Rodriguez lauded for impact of Michigan’s strength program


BleacherReport.com columnist Michael Felder wrote a thorough piece that was published today on the perception of Rich Rodriguez by Michigan fans.

Essentially, Felder writes that Rodriguez, Arizona’s new coach, should not shoulder all the blame for his struggles at Ann Arbor.

“Rich Rod did some pretty substantial things well,” Felder writes, “and he was doing it with an employer and a support system that was not all in.”

Arizona should be a better fit for Rodriguez because the Wildcat community will embrace him for the promise he brings to the program. Michigan’s traditional and stodgy ways, with many fans longing for the days and philosophies of Bo Schembechler and Lloyd Carr, did not mesh well with Rodriguez’s progressive style.

One of the more promising aspects of Rodriguez written by Felder is his praise of the revamped strength program at Michigan under Rodriguez.

“Prior to Rodriguez’s hire the Wolverines were archaic in their practices,” Felder writes. “The insertion of Mike Barwis (as the strength and conditioning coach) to the program was a plus that cannot go understated. He brought them into today’s methods: Working fast-twitch muscles, doing Olympic lifts and boosting flexibility.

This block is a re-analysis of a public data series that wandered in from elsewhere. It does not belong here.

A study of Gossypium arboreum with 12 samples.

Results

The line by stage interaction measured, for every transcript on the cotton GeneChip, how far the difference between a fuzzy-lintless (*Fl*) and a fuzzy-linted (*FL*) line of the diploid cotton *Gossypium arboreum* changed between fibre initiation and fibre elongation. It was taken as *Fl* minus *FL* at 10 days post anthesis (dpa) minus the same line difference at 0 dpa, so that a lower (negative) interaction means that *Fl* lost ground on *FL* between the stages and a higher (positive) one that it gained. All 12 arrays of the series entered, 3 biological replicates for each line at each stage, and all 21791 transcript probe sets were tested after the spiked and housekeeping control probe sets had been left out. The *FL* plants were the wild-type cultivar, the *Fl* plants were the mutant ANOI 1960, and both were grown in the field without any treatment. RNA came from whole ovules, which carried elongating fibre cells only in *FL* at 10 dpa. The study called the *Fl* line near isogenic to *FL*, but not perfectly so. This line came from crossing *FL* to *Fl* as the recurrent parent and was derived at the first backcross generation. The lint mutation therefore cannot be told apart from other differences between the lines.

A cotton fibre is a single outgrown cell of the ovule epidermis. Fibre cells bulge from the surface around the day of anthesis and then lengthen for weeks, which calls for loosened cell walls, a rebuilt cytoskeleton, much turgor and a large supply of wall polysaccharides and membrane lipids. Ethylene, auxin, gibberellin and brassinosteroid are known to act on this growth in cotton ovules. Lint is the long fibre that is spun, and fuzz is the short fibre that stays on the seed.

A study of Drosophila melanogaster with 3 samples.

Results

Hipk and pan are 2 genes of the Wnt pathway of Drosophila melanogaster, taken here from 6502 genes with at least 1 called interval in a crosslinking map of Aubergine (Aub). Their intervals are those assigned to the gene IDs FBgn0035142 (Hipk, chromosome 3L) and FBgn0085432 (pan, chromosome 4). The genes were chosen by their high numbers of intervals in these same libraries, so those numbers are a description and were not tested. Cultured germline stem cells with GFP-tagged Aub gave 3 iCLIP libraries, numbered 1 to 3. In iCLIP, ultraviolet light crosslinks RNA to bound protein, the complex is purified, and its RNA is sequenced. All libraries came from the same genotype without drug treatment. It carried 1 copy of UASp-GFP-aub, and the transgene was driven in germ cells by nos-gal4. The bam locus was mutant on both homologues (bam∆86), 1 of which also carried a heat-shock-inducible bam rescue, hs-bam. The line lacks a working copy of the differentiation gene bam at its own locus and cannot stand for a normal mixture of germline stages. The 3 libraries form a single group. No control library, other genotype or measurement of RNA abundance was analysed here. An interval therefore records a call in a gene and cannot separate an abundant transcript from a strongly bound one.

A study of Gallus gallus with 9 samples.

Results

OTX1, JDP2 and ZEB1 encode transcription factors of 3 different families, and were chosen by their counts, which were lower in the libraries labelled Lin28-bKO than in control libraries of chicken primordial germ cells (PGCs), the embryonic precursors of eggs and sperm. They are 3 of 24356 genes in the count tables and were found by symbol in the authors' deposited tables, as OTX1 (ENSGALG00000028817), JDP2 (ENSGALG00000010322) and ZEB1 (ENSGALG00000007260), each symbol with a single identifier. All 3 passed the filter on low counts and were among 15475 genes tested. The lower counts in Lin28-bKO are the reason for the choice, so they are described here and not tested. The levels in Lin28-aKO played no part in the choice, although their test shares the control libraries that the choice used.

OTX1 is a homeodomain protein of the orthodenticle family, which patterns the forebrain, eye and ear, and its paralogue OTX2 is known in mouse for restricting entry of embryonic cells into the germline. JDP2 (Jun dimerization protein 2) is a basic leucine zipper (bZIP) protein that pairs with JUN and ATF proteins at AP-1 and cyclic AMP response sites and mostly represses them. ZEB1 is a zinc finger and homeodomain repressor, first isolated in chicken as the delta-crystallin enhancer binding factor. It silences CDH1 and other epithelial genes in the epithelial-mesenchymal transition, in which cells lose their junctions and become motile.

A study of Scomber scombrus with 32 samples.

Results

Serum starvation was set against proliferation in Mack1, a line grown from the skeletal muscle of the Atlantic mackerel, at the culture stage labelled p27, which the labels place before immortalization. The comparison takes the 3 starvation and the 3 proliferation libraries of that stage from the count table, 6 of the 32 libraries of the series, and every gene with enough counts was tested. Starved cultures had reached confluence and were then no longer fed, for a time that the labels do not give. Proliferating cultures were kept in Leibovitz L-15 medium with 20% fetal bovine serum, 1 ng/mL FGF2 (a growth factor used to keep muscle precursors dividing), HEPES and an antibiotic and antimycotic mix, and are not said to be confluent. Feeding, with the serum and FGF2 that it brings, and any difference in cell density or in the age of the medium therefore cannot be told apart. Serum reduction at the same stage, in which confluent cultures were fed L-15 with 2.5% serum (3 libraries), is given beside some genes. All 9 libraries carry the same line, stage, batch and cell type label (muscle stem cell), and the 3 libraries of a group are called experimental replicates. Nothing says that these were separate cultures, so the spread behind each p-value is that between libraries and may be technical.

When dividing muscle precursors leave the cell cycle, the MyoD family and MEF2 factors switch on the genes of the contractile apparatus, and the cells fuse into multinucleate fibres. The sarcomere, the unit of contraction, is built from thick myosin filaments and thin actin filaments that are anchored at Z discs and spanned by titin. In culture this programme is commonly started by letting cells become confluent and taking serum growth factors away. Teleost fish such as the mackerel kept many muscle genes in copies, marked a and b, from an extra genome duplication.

“Those changes take time, but the foundation was laid with Barwis revamping of the strength and conditioning program.”

It was believed that Barwis would follow Rodriguez to Tucson, but Barwis elected to stay in Ann Arbor. Rodriguez, however, hired Chris Allen, a Barwis protege, to be the strength and conditioning coach. Allen learned Barwis’ techniques at West Virginia and Michigan when Rodriguez coached at both places.

Allen, 35, was director of skill development and associate director of strength and conditioning at Michigan from 2008-10, and spent five seasons (2003-07) as a member of the West Virginia strength staff as coordinator of strength and conditioning and director of skill development.

The YouTube video shows a very knowledgeable and determined Barwis. Rodriguez must have seen some of the same qualities in Allen to hire him as the strength and conditioning coach.

Rodriquez talked a great deal about the physical shape, or lack thereof, of the Wildcats during the spring workouts. It is obvious the importance Rodriguez places on getting his players conditioned to the maximum to handle the rigors of daily practice and the football games.

For Felder to point this out in his column, shows how much those around the Michigan program realize how important Rodriguez was in physically preparing the Wolverines. The Wildcats appear to be in good hands.